Making environmental sense of the financial storm now raging
Interpreting reports currently coming out of Wall Street is like tracking a vast hurricane as it rages its way through the Gulf and toward a population center: Conditions are way too chaotic to make confident predictions, but preparing for the worst probably isn’t a bad idea.
As recently as a year ago, no one could possibly have foreseen the disappearance of three of the big five Wall Street investment banks, or the nationalization of our nation’s two mega-mortgage refinanciers. We have officially entered uncharted territory — it’s as if the sky had turned lime green and sprouted polka dots.
The overall stock market’s losses might seem relatively tame today — as I write this, the Dow and S&P indices are down about 3 percent, hefty losses, but hardly a free fall. Yet the crisis is far from over. As bankrupt Lehman "unwinds" its positions in mortgages and "credit default swaps," it’s essentially dumping billions in junk securities on the market.
That move further lowers the value of all sorts of highly exposed companies — from AIG, the world’s largest insurance company (whose shares are down a startling 66 percent as I write this) to Freddie Mac and Fannie Mae, recently acquired by us, the taxpayers.
While it will take months if not years to tease out the full implications of this ongoing implosion, I can make out two environment-related implications.
1) As we lurch deeper into the era of climate change, the federal government — i.e., the taxpaying public — is on the line for tens or hundreds of billions in bailout funds. Money that might have gone into investing in energy-saving public transportation infrastructure, or building a carbon-light electricity grid, will now go into cleaning up the messes created by a few bankers and mega-fund managers.
Consider our new acquisitions, Fannie Mae and Freddie Mac, holders of trillions in mortgage paper of which an untold amount is actually worthless. Who’s now left holding the bag? The amount we shell out to make good on Fannie and Freddie’s obligations will surely dwarf the $29 billion the U.S. Treasury pledged to back up potential bad debts in the JP Morgan-Bear Stearns tie-up. As Gretchen Morgenson put it in Sunday’s New York Times, "It certainly brings new meaning to the notion of an ownership society, doesn’t it?"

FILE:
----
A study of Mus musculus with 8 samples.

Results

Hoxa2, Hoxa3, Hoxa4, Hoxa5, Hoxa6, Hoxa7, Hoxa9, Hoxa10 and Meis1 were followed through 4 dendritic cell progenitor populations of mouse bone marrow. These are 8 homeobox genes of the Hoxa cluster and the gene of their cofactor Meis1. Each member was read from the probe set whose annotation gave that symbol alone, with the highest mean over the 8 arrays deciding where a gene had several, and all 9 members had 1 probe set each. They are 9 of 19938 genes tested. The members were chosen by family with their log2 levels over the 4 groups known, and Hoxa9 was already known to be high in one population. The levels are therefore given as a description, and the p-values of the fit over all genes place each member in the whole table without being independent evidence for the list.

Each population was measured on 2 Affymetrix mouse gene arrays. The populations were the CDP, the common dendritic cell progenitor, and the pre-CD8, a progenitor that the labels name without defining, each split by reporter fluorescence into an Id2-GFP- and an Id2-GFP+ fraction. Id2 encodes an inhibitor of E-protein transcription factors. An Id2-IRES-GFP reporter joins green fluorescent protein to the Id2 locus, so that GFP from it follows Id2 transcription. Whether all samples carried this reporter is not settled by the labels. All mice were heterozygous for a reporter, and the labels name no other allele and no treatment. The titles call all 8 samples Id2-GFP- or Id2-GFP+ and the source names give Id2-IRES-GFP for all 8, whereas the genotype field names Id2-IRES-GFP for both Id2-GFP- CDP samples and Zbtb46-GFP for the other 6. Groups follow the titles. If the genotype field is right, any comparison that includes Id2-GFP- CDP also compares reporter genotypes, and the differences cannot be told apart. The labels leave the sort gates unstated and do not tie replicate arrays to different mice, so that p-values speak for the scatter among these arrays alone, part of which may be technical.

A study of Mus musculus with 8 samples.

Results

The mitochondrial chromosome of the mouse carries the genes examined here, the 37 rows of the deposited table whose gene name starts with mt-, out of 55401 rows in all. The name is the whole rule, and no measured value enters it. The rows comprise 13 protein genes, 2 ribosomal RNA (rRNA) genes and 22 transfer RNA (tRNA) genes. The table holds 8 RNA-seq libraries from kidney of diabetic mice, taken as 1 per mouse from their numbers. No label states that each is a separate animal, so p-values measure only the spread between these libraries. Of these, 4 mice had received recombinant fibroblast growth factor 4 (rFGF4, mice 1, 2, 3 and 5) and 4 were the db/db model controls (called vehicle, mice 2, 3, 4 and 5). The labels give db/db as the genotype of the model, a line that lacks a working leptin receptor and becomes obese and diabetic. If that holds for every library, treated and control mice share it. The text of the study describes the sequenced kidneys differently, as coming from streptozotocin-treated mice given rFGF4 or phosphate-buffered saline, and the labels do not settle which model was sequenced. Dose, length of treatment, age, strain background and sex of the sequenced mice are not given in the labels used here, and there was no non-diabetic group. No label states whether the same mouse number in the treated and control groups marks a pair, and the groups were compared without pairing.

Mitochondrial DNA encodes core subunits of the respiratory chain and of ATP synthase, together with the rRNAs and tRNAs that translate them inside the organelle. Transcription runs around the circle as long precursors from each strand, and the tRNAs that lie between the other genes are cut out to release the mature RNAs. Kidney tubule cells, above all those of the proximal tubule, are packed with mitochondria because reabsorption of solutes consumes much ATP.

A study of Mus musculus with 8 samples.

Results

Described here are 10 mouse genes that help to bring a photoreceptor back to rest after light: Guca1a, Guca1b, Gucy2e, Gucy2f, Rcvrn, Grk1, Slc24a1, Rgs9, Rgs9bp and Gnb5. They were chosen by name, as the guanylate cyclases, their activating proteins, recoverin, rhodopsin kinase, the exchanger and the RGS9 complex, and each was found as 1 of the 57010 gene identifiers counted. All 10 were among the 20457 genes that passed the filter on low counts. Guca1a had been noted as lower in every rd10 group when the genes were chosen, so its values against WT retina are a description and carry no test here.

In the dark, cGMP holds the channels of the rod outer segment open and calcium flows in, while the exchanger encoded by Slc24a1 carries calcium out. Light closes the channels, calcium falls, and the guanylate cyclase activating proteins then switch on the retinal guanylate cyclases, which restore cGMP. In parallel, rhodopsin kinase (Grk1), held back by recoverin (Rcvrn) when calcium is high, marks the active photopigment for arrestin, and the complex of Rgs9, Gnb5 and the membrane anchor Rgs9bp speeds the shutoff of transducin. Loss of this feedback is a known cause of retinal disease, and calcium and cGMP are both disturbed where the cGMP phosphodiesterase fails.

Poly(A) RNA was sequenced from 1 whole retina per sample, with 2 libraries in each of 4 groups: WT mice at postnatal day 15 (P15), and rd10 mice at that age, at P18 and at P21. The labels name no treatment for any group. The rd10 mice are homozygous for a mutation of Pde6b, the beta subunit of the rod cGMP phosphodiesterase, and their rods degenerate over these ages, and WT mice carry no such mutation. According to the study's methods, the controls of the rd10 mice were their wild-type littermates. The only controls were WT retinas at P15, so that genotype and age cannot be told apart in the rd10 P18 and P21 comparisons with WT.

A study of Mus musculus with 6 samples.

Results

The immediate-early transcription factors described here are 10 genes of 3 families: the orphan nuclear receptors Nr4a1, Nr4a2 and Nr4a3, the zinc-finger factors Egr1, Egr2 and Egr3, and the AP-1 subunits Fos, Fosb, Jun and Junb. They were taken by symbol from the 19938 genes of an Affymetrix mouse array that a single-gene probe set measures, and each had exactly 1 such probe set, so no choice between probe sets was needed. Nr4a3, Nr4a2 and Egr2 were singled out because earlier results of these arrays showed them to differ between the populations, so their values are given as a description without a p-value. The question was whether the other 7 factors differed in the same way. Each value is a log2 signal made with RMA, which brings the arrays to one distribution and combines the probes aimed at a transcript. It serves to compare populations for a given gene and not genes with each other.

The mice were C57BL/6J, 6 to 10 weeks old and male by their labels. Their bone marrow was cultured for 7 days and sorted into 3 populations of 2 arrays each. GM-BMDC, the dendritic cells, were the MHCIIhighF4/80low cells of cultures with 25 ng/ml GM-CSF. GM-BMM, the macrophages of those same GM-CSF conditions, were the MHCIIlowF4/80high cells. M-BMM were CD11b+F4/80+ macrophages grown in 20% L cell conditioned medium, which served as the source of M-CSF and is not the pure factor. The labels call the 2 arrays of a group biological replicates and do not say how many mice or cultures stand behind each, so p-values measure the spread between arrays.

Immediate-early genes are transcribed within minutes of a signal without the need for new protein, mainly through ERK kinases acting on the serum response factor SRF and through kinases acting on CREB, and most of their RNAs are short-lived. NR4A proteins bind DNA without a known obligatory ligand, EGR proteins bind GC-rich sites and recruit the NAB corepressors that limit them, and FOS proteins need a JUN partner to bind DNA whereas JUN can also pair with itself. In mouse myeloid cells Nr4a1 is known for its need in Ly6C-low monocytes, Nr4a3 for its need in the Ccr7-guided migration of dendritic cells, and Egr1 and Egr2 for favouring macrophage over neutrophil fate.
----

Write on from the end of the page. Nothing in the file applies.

Then there’s the phenomenon of megabank Bank of America, snapping up Merrill Lynch for $50 billion (a surprisingly high price given Merrill’s straits, but a fraction of what the one-time Wall Street titan would have fetched a year tor two ago).
This deal might seem at first glance to be a free-market solution to the mortgage mess. Not so fast. Why did it make sense for BOA to buy Merrill? Because BOA has a vast base of federally insured deposits, which might need to be raided if Merrill’s extensive mortgage paper tanks further in value.
It’s important to note when the federal government first started insuring bank deposits, commercial banks like Bank of America weren’t allowed to own investment banks. That meant that the public wasn’t exposed to massive Wall Street gaffes. But the Clinton administration — under then-Treasury secretary, and now Citigroup exec, Robert Rubin — oversaw the withering away of those rules. So now we — the public — are on the line for Merrill’s bad decisions.
In other words, the BOA-Merrill deal exposes taxpayers to Merrill’s bad debt. Finance professor Nouriel Roubini of NYU’s Stern School of Business predicts that the remaining two investment banks — Goldman Sachs and Morgan Stanley — will both soon be taken over by big banks for this reason. These are backdoor public bailouts of once-mighty Wall Street firms.
In short, our financial position heading into climate change has been severely weakened by this unprecedented mess.
Why, by the way, is the financial calamity not an issue in the presidential election? I’ll let more politically adept folks grapple with that one. I remember that in 1988, when the savings-and-loan debacle began to erupt during the presidential election, Michael Dukakis maintained a polite silence — no doubt thinking of the many Democratic lawmakers implicated in the scandal. I hope Obama makes more noise.
2) More short-term, the mess places downward pressure on oil prices. Does anyone still doubt that we’re heading into a global recession? While Wall Street implodes, the so-called "real economy" is tanking:
Government data show the nation’s industrial output plunged in August by nearly four times the amount that had been expected. It’s the worst performance since Hurricane Katrina devastated the Gulf Coast in 2005.
Of course, recessions mean less oil consumption — and lower prices. In weekend trading, oil plunged to a seven-month low. Not only are traders betting on slower economic growth, they’re also stampeding in panic toward boring but safe bets like Treasury securities.
If the Saudis keep their taps open as the global economy stumbles, we could be looking at an oil-price crash. And that might work in the interests of OPEC and the Western oil companies. They still make lots of money when oil goes for, say, $50 a barrel, while also significantly slowing efforts to conserve and look for real alternatives.